For 35 minutes, it looked like Mayo had a real chance of ending Dublin's Drive-For-Five.
But Dublin killed all hope in brutal fashion in the 12 minutes after half-time.
Kieran Donaghy had a bird's eye view of that Dublin match-winning salvo.
"I was right behind it looking out from the corner of the Canal End," the Kerry legend told Off The Ball.
He and ex-Mayo and Armagh forward Billy Joe Padden joined us to review the weekend's two semi-finals.
Donaghy continued on Dublin: "It was so impressive, just how direct they were and how accurate it was. Everything was to hand and they're so strong taking you on up front. The point-kicking by Paul Mannion and the goals by Con O'Callaghan. [Ciaran] Kilkenny going deep and getting on loads of ball again. Pressing up on the kick-out, boxing everything in and just keeping the onslaught coming basically.
"And obviously then [Brian] Fenton in the middle of the field running the whole show. It was a joy to watch his performance out there. He's a colossus really."
Donaghy also addressed ways in which Mayo could have stemmed the tide in those fateful minutes.
"Maybe going short and maybe looking to engineer a short kick-out and just get on the ball," he suggested.
"And maybe Rob Hennelly could come out a bit and play as the extra man back there for a second and just take the sting out of it and see if you can work your way up and get a score. I guess people talk about responding to goals or coming under the wave of attack. If you're a team and you can see the goal, there should almost be a set thing in your head as a unit that, 'OK, we've conceded a goal and we're going to knock this kick-out short. Let the goalie come out and play as an extra man for a second and pop the ball around. Take the sting out of it.'"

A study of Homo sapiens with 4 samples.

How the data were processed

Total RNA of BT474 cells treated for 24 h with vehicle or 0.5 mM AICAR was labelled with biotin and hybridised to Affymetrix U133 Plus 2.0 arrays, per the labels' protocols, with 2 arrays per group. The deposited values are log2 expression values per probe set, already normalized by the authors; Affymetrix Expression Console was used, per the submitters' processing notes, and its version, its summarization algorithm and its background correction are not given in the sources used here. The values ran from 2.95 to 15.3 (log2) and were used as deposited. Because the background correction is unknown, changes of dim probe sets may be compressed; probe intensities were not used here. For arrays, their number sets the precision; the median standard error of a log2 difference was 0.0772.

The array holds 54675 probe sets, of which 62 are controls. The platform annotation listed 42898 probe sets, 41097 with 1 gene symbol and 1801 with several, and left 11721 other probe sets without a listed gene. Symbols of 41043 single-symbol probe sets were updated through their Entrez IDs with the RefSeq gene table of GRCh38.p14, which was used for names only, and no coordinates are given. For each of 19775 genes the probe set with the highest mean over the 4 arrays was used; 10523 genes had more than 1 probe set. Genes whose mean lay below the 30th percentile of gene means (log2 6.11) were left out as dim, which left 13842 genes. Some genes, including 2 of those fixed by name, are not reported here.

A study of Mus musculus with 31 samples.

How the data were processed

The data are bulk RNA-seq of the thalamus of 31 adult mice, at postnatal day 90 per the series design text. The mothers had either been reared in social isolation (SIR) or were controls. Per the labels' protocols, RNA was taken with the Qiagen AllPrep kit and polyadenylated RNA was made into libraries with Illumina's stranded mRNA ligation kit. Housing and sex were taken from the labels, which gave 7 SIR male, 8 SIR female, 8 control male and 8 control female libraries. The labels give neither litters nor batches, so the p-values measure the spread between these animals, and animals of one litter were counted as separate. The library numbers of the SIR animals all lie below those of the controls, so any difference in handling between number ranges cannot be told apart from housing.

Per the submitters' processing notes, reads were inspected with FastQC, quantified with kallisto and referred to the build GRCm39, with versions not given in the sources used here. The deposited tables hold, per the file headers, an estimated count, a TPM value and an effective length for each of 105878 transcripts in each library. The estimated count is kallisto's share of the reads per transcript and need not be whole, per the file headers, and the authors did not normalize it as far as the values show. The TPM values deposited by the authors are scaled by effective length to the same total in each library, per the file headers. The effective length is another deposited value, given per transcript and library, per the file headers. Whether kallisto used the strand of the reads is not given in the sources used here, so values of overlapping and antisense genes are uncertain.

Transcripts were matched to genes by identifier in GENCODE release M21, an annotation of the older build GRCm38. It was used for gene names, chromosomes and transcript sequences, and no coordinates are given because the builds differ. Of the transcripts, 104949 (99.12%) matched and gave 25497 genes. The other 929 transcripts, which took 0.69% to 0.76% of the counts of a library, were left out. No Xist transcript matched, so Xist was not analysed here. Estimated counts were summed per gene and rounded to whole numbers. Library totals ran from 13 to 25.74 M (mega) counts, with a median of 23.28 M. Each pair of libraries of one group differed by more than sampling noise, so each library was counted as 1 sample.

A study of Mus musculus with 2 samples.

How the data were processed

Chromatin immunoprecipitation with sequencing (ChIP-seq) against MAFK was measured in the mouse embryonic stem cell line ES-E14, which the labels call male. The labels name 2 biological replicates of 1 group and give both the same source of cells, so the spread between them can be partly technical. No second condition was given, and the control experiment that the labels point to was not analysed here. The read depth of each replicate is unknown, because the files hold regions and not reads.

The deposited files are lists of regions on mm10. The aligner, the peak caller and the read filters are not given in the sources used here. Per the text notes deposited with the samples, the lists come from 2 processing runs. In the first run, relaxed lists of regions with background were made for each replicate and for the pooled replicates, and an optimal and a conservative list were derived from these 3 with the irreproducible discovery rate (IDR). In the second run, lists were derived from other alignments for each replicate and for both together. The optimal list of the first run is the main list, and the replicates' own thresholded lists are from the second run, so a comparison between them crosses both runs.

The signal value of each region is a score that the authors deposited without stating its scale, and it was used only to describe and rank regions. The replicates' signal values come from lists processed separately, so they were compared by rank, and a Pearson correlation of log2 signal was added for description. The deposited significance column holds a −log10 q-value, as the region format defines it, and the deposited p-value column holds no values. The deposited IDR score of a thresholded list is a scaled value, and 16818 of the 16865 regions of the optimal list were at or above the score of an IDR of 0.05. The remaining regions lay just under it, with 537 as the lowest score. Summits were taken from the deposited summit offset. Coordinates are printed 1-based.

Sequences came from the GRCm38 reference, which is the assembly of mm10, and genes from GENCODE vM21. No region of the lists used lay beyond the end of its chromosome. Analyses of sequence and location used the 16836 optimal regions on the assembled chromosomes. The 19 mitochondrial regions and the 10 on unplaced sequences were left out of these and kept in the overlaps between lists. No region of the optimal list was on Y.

Instead it was "kick-out long after kick-out long" from Mayo according to Donaghy. Padden added that Mayo lost the first-half ability of holding onto possession, ceding momentum to Dublin.
"But you have to hand it to Dublin and their zonal system of pressure high up the field," he said.
Either way now though, Dublin advance to a final against Kerry after his county overcame Tyrone.
Like Dublin, Kerry also had to battle back to overcome Tyrone.
"They were a bit sloppy in the first half," said Donaghy of Kerry.
"They were hand-passing it to each other. It was bouncing twice before the guy got it. There were a few foot-passes that trickled along the ground. You can't be at that in an All-Ireland semi-final.
"In the second half, they improved that and they improved the accuracy. All of a sudden, everything was going to hand and you saw Kerry get a bit of momentum."
On the final, Padden feels it'll be "extremely difficult" for Kerry given Dublin's pace and incisiveness.
"At the same time, they can learn from some of the things Mayo did well," he said.
He also added, "I think they'll need to start Tommy Walsh", to occupy Dublin's backs.
You can watch the full semi-final review on the video player above.